The Citizens' Assembly has voted to recommend an extensive liberalisation of the grounds on which abortion is available in Ireland. 

In all, the Assembly approved 13 grounds for legal terminations in the event of the electorate supporting its recommendation that the current Constitutional restrictions on abortion should be replaced in a referendum. 

The Assembly voted to recommend that terminations of pregnancy should be available in Ireland with "no restriction as to reasons" by a margin of 64% to 36%.

Of the members who backed that proposal, almost half said abortion 'on demand' should only be available up to 12 weeks' gestation while marginally fewer said 22 weeks' gestation should be the cut-off point.

Among the other far-reaching reforms that were supported this afternoon was the possibility of providing abortion when there is a risk to the health of the woman.

Another was when the unborn child has a significant foetal abnormality that is not likely to result in death before or shortly after birth.

Eighty-eight of the Assembly's ordinary members finalised the proposals in a secret ballot following an intensive process which included ten days of seminars and meetings over the past five months.

The Assembly's Chair, Ms Justice Mary Laffoy, is to deliver the body's report on the Eighth Amendment to the Constitution to a Joint Oireachtas Committee within the next ten weeks.

Then within three months of convening, that Committee is required by law to inform the Dáil and Seanad of its verdict on the Assembly's recommendations.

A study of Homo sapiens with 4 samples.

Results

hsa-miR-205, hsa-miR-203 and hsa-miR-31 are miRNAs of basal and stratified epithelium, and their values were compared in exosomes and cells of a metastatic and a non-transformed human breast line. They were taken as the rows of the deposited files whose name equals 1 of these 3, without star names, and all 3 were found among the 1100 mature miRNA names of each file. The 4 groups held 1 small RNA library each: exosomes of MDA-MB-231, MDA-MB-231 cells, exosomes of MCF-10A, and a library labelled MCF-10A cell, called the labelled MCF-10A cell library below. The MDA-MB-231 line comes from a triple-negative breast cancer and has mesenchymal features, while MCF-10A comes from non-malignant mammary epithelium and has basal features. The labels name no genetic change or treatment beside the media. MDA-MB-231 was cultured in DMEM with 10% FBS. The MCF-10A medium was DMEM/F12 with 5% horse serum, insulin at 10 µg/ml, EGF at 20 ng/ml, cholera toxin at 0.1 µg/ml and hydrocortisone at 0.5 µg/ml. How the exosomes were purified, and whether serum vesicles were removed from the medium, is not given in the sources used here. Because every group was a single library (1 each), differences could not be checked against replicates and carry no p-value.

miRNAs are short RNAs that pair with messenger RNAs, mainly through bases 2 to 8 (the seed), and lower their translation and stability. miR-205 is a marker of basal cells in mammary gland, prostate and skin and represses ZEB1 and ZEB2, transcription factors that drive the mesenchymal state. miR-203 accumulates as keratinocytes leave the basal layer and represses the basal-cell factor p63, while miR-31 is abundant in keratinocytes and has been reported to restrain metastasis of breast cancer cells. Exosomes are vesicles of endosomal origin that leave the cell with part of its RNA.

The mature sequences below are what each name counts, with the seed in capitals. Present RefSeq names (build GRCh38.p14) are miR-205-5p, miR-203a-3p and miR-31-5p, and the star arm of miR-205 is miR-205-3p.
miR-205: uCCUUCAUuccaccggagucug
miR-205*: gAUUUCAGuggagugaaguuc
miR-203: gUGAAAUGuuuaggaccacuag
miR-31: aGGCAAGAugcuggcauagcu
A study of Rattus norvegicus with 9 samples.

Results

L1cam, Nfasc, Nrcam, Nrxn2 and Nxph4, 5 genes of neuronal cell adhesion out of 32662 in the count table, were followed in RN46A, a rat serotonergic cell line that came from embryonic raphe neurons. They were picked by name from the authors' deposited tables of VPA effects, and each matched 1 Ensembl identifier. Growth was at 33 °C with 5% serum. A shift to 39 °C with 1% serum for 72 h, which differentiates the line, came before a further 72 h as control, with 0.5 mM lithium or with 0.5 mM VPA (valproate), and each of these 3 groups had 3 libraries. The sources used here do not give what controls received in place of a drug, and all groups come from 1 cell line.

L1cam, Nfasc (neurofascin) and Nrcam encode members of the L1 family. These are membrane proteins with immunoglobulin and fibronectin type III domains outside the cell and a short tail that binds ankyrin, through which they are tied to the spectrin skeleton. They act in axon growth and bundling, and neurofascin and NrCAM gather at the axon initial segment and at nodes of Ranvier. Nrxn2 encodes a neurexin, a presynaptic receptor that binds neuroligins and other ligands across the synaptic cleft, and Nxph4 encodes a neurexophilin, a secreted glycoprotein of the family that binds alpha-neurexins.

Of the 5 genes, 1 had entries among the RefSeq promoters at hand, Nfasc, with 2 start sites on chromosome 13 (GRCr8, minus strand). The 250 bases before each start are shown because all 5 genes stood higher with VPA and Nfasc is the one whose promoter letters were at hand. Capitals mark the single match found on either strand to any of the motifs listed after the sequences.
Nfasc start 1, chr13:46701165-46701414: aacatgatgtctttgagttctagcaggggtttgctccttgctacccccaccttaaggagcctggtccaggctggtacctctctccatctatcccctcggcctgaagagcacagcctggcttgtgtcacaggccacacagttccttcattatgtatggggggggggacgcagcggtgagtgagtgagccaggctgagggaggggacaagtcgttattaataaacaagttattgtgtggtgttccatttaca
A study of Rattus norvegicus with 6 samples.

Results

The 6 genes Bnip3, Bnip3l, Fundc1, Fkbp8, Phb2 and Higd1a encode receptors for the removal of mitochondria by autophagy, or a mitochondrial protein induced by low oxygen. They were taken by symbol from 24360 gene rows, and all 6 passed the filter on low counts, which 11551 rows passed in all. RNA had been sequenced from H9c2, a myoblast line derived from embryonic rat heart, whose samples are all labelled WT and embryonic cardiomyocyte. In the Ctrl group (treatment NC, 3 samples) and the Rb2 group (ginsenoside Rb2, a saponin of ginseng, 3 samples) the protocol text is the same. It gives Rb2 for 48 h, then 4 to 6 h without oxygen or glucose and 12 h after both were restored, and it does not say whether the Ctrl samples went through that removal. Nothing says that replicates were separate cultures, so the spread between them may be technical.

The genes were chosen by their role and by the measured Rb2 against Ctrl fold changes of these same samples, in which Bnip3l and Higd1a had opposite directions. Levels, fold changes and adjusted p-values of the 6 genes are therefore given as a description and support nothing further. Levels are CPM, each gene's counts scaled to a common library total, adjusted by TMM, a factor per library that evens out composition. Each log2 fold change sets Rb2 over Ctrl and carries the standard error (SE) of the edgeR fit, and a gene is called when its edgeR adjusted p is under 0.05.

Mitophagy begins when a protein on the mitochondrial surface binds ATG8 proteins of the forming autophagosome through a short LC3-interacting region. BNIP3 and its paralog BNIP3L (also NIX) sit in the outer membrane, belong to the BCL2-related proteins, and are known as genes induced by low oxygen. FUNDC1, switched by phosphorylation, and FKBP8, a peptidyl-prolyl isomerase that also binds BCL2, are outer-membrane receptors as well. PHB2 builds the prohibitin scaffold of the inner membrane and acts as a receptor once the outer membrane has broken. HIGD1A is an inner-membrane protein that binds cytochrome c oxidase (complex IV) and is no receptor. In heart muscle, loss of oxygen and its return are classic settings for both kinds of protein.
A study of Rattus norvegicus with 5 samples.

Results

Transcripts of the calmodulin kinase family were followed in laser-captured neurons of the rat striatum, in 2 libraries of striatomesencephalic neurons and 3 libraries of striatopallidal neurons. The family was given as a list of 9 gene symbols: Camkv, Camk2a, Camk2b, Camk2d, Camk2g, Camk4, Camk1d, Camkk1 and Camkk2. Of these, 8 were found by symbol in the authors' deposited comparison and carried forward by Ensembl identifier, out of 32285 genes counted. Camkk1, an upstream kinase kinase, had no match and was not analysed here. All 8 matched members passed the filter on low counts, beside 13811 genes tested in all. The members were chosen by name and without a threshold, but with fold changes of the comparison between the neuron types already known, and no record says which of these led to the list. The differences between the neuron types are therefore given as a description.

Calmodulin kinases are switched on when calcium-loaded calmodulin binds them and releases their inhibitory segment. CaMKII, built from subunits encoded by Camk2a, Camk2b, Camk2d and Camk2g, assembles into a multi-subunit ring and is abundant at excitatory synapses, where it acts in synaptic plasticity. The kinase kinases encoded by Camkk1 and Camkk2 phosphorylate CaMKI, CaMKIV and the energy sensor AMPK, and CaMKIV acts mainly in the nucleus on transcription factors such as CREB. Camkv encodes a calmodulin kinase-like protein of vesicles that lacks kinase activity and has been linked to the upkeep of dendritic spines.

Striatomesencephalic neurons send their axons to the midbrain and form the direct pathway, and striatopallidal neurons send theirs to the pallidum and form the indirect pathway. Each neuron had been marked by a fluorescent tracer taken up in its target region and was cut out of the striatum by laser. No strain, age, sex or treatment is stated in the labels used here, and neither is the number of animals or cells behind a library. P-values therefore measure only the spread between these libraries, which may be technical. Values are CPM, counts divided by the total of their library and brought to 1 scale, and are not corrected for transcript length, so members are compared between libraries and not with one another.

The eight-question paper was earlier enlarged to include the possibility of providing abortion for socio-economic reasons and to distinguish between a "risk" to the life of the mother and a "serious risk to her life".

If the Dáil and Seanad accept the consultative body's advice, a constitutional referendum would be needed to bring in the reform.

At yesterday's deliberations, the Assembly voted secretly three times.

Firstly, by almost seven to one they rejected the current constitutional restrictions; a move Assembly Chair Ms Justice Mary Laffoy said would necessitate a referendum if legislators adopt the recommendation.

Then, by a 12% margin, they rejected the option of repealing the Constitutional article containing the highly contentious Eighth Amendment, opting instead to replace or amend it.

Finally, by a 14% margin, they voted that the current constitutional restrictions should be replaced with a provision in the basic law that would explicitly authorise the Dáil and Seanad to legislate on the issue.